We can’t capture a photo of what every object looks like in the real world. (Trying to find an image to prove the prior sentence is a fun paradox!) Thus, when we create computer vision models, we need them to learn what general representations of objects look like. This is where data augmentation comes into play.

Data augmentation is the practice of using data we already have to create new training examples to help our machine learning models generalize better.

For more on data augmentation, read our introductory post to this series.

Random Crop

Random crop is a data augmentation technique wherein we create a random subset of an original image. This helps our model generalize better because the object(s) of interest we want our models to learn are not always wholly visible in the image or the same scale in our training data.

For example, imagine we are creating a deep learning model that recognizes raccoons in a yard. We may have a camera streaming images to an object detection model reporting when a raccoon is visible. The animals are not always completely in frame, nor are they constantly the same distance from the camera. A random crop is a great choice as an augmentation technique in this case.

Roboflow screenshot: 196 processed images of raccoons with bounding boxes.
Want to build your own raccoon detector? Get started here.

More generally, most mobile app computer vision model examples may benefit from random crop data augmentation. A user may hold their phone at varying distances from the objects we seek to recognize, and those objects are not always completely in frame.

Implementing Random Crop

There are many variations of random crop that we can perform. Those implementations also depend on type of computer vision problem we’re solving.

Consider: How much of the image do we seek to crop? Do we want the same sized crop every time? If we’re cropping images that contain bounding boxes, what area of a bounding box must be present in the resulting image for the bounding box to still be valid?

In the most basic case, a classification problem where we don’t need to worry about bounding boxes or segmentation annotations, we’re creating a random subset of an image. We’d set the desired output area of our crop, determine random output coordinates, and perform the crop.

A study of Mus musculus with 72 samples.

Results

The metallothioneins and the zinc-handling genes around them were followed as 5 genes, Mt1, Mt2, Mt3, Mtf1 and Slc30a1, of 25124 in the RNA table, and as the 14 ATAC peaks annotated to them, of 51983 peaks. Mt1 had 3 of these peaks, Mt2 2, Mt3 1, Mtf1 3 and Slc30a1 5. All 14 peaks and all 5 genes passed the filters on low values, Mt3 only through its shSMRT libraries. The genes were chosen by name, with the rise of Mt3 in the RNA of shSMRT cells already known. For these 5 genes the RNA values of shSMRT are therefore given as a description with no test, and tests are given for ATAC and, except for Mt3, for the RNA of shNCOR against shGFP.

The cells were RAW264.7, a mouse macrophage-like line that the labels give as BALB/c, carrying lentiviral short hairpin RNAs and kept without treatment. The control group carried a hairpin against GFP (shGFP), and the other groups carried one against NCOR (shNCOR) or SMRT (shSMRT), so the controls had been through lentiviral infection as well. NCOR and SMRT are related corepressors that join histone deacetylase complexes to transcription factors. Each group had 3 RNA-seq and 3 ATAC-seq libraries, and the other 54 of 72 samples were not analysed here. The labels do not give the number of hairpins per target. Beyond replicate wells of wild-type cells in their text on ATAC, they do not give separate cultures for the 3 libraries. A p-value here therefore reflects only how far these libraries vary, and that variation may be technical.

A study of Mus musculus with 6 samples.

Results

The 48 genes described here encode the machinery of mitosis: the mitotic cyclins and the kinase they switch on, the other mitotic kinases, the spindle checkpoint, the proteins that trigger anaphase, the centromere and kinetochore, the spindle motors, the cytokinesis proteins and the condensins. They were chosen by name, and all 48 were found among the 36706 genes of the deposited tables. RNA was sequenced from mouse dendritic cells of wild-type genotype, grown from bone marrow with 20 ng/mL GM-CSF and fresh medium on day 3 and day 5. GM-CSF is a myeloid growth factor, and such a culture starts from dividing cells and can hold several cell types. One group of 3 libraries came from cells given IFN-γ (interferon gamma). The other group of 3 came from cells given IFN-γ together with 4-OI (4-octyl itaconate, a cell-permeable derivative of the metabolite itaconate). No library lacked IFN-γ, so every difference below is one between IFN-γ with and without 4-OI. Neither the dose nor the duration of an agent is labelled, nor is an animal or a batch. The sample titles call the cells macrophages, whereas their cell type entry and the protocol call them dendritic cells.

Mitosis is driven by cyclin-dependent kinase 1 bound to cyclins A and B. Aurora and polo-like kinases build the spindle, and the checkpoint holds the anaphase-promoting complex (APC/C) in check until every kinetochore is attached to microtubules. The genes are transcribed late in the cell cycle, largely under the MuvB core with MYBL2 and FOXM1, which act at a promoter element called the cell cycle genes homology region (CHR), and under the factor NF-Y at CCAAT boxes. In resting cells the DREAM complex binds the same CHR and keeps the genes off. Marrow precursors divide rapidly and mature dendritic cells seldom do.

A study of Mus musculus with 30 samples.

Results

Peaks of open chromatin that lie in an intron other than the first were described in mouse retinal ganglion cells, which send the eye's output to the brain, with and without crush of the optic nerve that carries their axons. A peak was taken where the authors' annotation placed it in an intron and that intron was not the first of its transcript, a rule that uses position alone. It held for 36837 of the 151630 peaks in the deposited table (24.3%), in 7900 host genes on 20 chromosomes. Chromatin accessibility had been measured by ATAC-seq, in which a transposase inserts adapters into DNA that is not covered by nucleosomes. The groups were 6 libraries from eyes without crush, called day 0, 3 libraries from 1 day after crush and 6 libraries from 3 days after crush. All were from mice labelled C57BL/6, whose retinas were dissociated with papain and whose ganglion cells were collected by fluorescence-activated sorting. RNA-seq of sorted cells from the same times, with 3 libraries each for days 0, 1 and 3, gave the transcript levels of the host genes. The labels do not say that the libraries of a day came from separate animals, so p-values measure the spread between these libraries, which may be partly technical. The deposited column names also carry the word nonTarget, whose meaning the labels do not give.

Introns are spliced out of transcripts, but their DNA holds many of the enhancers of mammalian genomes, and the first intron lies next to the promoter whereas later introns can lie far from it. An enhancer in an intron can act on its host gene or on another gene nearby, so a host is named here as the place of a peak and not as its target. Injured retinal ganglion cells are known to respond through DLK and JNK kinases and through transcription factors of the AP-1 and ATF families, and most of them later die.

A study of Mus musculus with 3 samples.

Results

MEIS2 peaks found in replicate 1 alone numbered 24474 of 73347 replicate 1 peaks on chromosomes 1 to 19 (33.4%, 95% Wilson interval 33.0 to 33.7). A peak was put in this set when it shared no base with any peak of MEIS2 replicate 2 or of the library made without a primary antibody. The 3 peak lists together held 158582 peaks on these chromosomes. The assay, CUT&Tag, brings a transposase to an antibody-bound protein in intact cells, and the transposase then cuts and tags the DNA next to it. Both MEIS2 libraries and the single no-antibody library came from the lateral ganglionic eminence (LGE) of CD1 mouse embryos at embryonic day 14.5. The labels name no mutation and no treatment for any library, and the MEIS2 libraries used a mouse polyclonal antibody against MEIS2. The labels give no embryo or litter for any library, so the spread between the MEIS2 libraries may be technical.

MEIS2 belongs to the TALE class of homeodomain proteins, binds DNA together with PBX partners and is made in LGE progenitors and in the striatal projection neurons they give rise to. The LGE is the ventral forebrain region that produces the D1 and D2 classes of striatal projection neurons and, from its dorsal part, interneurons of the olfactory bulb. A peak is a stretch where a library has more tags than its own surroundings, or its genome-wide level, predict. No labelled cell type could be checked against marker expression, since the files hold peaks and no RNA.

There is one wrinkle even in this simple example: our randomly determined (X,Y) coordinates defining our output image center cannot truly be any position on our input image. The output cropped image needs to be a wholly subset of the original image. If we randomly choose center coordinates that are on the edge of the input image, our output will require padding to be our truly desired dimensions.

Visualization of invalid and valid annotations (red and green square over an illustrated whale)
The crop on the right is valid, but the one on the left is not.

Many frameworks like TensorFlow, PyTorch, and FastAI include open source implementations of random crop. (Notably, Keras does not currently have an implementation for random crop.) For example, to leverage TensorFlow, we would write a Python function like the one below for RGB images:

def random_crop(image):
  cropped_image = tf.image.random_crop(
      image, size=[NEW_IMG_HEIGHT, NEW_IMG_WIDTH, 3])

  return cropped_image

If we aim to apply a random crop to an object detection problem, we must also handle updating the bounding box. Specifically, if our newly cropped image contains an annotation that is completely outside the frame, we should drop that annotation. If the annotation is partially in frame, we need to crop the annotation to line up with the newly created edge of the frame.

This is exactly how Roboflow implements a random crop when also resizing an image. Returning to our raccoon example, we may have an image like this:

Raccoon annotated for object detection.
It's adorable. Available here.

In Roboflow, if we select random crop with 50 percent (to keep 50 percent of the original image pixels) plus a resize to 416x416, we get this result:

Cropped photo of a raccoon annotated with a green bounding box.
This exact version is available here.

Note that, in this case, the original raccoon bounding box needed to be cropped to still be a valid annotation. Annotations that extend outside of frame throw an error in model training.

If you want to see this exact version of the raccoon dataset including the resize settings selected, it is publicly available here. (Note: you can fork this raccoon dataset and modify your own image preprocessing and augmentation steps.)

If we aim to apply a crop for semantic segmentation, we need to proportionally handle the mask the same way we handle the image (X,Y) adjustments. GitHub user wouterdewinter provided an example like the below:

def random_crop(img, mask, width, height):
    assert img.shape[0] >= height
    assert img.shape[1] >= width
    assert img.shape[0] == mask.shape[0]
    assert img.shape[1] == mask.shape[1]
    x = random.randint(0, img.shape[1] - width)
    y = random.randint(0, img.shape[0] - height)
    img = img[y:y+height, x:x+width]
    mask = mask[y:y+height, x:x+width]
    return img, mask

What’s Next

Research is being conducted to create new data out of cropped together images from multiclass problems. Random Image Cropping and Patching (RICAP), for example, combines pieces of various input images into a single image, and also gives an image a mix of class labels, which results in advantages similar to label smoothing.

Visualization of random image cropping and patching augmentation from the RICAP paper.
Read the RICAP paper.

At Roboflow, we’re actively experimenting with methods like these as well so you can have a single place that is model-building agnostic for image preprocessing and augmentation.